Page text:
Syria's Chemical Weapons Munitions Destroyed, OPCW Says

The Organisation for the Prohibition of Chemical Weapons announced Friday all of Syria's weapons used to deliver chemical attack are destroyed.

Syria's Chemical Weapons Munitions Destroyed, OPCW Says
United Nations / Hend Abdel Ghany

The international watchdog organization tasked with eliminating Syria's chemical weapon stockpiles announced Friday it has taken another step toward that goal — by getting rid of the munitions that could be used to deliver chemical weapons.

The Organisation for the Prohibition of Chemical Weapons says it has destroyed all of Syria's unfilled munitions that could carry chemical weapon payloads. In October, the group announced it had destroyed all the equipment needed to manufacture chemical weapons. (Via Fox News)

The OPCW has been working to disable Syria's chemical weapons since late September, one month after a chemical weapon strike near a Damascus suburb killed 1,400 people. Syria agreed to surrender its arsenal after facing pressure from the international community. (Via CNN)

And despite heavy skepticism that Syria could be safely disarmed in the midst of heated civil war, the OPCW has made steady progress toward its goal of destroying Syria's chemical weapons by mid-2014.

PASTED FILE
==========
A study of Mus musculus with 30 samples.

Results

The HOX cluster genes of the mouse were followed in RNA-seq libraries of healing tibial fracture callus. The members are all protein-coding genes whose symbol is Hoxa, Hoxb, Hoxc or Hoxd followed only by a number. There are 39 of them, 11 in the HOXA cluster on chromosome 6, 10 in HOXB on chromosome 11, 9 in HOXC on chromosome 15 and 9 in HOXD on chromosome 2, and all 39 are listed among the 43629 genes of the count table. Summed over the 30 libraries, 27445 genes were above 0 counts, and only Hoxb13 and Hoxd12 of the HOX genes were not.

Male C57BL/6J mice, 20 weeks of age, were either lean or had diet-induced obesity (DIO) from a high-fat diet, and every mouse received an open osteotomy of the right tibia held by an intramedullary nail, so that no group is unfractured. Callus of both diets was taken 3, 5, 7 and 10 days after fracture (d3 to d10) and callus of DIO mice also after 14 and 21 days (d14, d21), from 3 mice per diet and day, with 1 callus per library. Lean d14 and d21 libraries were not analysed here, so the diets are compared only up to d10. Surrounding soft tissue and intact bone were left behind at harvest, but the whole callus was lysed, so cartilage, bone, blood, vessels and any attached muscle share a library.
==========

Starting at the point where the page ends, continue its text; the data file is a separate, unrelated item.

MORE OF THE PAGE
Of course, the group's most challenging task is yet to come: finding a way to destroy the volatile chemical agents used as components in mustard and sarin gas. Trying to neutralize those agents in the middle of a war zone would be next to impossible, and no nearby country wants to host the process. (Via BBC)

So the current plan is to destroy the weapons at sea. The U.S. has volunteered to retrofit an old cargo ship with the necessary equipment to neutralize Syria's chemical weapons, which would be delivered to the port of Latakia and shipped out to the floating destruction lab. (Via The New York Times)

It's a dangerous and unprecedented operation, and a Foreign Policy writer says it's practically impossible to accomplish in the OPCW's timetable.

"The disposal equipment being installed onto the Cape Ray has never been tested at sea, and it's not clear that it will be capable of operating continuously for months without breaking down. The U.S. and its allies will also need to find a way of ensuring that none of the weapons are stolen or damaged. ... To say it will be a challenge is the grossest of understatements."

Officials from the OPCW say the seaborne disposal lab should pose no environmental or health hazard, and a U.S. official added none of the chemical weapons will be dumped into the the sea.